Research Project: Impact of Early Dietary Factors on Child Development and Health

Location: Arkansas Children's Nutrition Center

Title: Sex-specific association between infant diet and white matter integrity in 8-y-old children

Author
item OU, XIAWEI - Arkansas Children'S Hospital
item ANDRES, ALINE - Arkansas Children'S Nutrition Research Center (ACNC)
item CLEVES, MARIO - Arkansas Children'S Nutrition Research Center (ACNC)
item PIVIK, RUDOLPH - Arkansas Children'S Nutrition Research Center (ACNC)
item SNOW, JEFFREY - Arkansas Children'S Hospital
item DING, ZHAOHUA - Vanderbilt University
item Badger, Thomas

Submitted to: Pediatric Research
Publication Type: Peer Reviewed Journal
Publication Acceptance Date: 5/30/2014
Publication Date: 12/1/2014
Citation: Ou, X., Andres, A., Cleves, M.A., Pivik, R.T., Snow, J.H., Ding, Z., Badger, T.M. 2014. Sex-specific association between infant diet and white matter integrity in 8-y-old children. Pediatric Research. 76(6):535-543. doi: 10.1038/pr.2014.129.

Interpretive Summary: Although it is known that breast-fed (BF) children score higher than formula-fed (FF) children on standardize brain function tests, the biological basis for this is unknown. We have been studying how early infant diet might affect brain development. In this study, we examined brain structure, intelligence [Reynolds Intellectual Assessment Scale (RIAS)], and language fundamentals [Clinical Evaluation of Language Fundamentals (CELF-4)] in 8-year-old children who were either breast-fed or formula-fed as infants. We used state-of-the-art MRI imaging techniques to assess the amount and locations of brain white matter and correlated this to results of functional testing for intelligence and language. Male BF children showed multiple white matter regions in the left brain hemisphere, with significantly higher white matter than that in male FF children, while there were no significant differences in female BF vs. female FF children. The whole brain white matter level positively correlated with RIAS and CELF-4 scores. Our data suggest that 8-year-old boys (but not girls) who were BF as infants have better white matter development than those who were fed infant formula. These results may be the first evidence towards establishing the mechanisms by which early diet can influence brain development and function in children.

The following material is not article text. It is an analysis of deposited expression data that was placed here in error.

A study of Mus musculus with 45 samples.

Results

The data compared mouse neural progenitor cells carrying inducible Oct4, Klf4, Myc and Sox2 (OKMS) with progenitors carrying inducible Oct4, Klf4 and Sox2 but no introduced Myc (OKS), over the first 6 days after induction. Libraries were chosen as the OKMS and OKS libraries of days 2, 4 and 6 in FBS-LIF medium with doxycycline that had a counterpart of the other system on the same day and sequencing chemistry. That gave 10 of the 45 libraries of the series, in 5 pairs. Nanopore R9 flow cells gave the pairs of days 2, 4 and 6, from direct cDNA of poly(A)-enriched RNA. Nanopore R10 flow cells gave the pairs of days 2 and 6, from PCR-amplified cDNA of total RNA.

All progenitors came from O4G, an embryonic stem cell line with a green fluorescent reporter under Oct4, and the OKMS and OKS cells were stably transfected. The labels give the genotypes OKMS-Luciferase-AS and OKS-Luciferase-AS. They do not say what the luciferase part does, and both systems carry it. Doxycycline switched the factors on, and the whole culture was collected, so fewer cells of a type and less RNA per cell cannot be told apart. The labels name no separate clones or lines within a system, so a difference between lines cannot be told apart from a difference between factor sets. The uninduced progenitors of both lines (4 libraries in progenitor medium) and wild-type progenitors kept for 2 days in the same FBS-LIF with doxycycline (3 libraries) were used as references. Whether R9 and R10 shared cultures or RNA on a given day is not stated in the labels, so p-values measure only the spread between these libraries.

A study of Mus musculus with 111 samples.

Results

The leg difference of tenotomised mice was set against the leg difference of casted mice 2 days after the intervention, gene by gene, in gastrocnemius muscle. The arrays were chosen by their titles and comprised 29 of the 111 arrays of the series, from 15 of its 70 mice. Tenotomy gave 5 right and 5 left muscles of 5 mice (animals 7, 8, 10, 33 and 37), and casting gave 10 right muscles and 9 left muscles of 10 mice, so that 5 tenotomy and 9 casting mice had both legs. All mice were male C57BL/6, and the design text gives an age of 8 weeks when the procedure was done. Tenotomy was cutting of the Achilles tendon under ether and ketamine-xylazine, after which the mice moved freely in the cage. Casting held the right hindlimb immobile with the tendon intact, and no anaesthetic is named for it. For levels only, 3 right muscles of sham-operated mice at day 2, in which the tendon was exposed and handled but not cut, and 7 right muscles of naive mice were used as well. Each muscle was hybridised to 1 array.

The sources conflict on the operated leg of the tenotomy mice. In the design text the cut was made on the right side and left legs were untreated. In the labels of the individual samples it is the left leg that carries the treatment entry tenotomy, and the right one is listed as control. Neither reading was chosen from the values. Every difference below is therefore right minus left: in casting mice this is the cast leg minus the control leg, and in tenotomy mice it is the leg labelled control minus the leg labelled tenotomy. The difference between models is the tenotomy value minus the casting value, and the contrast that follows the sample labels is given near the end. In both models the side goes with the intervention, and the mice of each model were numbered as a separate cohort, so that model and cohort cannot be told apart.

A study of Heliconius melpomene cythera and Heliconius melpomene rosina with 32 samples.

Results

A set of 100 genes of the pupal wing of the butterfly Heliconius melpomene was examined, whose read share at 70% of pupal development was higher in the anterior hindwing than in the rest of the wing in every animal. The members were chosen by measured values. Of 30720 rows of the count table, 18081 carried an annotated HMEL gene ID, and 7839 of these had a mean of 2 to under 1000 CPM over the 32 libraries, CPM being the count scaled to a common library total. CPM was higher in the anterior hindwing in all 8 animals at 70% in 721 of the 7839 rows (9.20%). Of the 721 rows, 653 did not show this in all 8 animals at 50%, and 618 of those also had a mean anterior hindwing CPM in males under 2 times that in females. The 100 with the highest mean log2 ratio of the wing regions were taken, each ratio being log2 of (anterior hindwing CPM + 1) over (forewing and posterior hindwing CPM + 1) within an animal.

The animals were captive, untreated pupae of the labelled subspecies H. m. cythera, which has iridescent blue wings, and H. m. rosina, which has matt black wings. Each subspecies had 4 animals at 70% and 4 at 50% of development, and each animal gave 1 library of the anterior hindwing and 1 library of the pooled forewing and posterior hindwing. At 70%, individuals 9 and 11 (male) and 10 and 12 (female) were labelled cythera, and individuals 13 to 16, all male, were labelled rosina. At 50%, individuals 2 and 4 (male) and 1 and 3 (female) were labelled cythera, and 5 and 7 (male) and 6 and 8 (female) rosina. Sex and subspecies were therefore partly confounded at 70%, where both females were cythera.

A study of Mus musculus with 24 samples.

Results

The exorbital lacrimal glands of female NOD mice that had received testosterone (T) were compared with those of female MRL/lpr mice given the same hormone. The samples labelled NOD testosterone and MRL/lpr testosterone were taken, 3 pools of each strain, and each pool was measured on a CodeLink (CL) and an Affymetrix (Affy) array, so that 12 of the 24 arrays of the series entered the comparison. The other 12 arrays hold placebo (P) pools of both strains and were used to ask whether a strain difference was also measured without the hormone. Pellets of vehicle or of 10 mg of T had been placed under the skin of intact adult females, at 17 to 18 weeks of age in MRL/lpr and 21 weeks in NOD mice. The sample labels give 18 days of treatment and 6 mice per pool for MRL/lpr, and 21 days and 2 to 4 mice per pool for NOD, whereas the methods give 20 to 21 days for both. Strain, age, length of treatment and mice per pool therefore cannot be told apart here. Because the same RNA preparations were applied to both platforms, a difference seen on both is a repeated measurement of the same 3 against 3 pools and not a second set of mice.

Technical Abstract: The purpose of this study was to evaluate brain white matter integrity in 8-year-old children who had predominant breast milk feeding or formula feeding as infants. Fifty-six healthy children were included in this study, including 22 breast-fed (BF, 12 females, 10 males) and 34 formula-fed (FF, 18 females, 16 males). Among them, 10 had exclusive breast milk feeding (EBF) and 13 had exclusive formula feeding (EFF) during the first year of life. All BF and FF children underwent Reynolds Intellectual Assessment Scale (RIAS) and Clinical Evaluation of Language Fundamentals (CELF-4) tests, as well as a magnetic resonance imaging (MRI) examination of the brain white matter, including diffusion tensor imaging (DTI). All studies were performed at age 7.5-8.5 years. The DTI measured fractional anisotropy (FA) value, which is a reflection of white matter integrity, was compared by both tract-based spatial statistics (TBSS) and region of interest (ROI) methods among groups, and was correlated with the RIAS and CELF-4 scores. Using TBSS analysis, male BF children showed multiple white matter regions in the left brain hemisphere with significantly higher FA (p<0.05, corrected) than that in male FF children, while there were no significant differences in female BF vs. female FF children. Mean FA for the whole brain white matter positively correlated with composite scores of RIAS (p=0.03) and CELF-4 (p=0.02), as well as most of the subtest scores (p<0.05). When considering the subgroups with exclusive neonatal diet for at least the first year of life, TBSS analysis also showed male EBF children had widespread white matter regions with significantly higher FA (p<0.05, corrected) than EFF children, while there were no significant differences in female EBF vs. female EFF children. In addition, ROI analysis revealed more regions with higher FA values when comparing all EBF to all EFF children, with the differences predominantly contributed by males. Our data suggest that 8-year-old boys (but not girls) who were breast-fed as infants have better white matter development than those who were fed infant formula. Prolonged and exclusive breast feeding (=12 months) in boys showed more improvement of white matter integrity.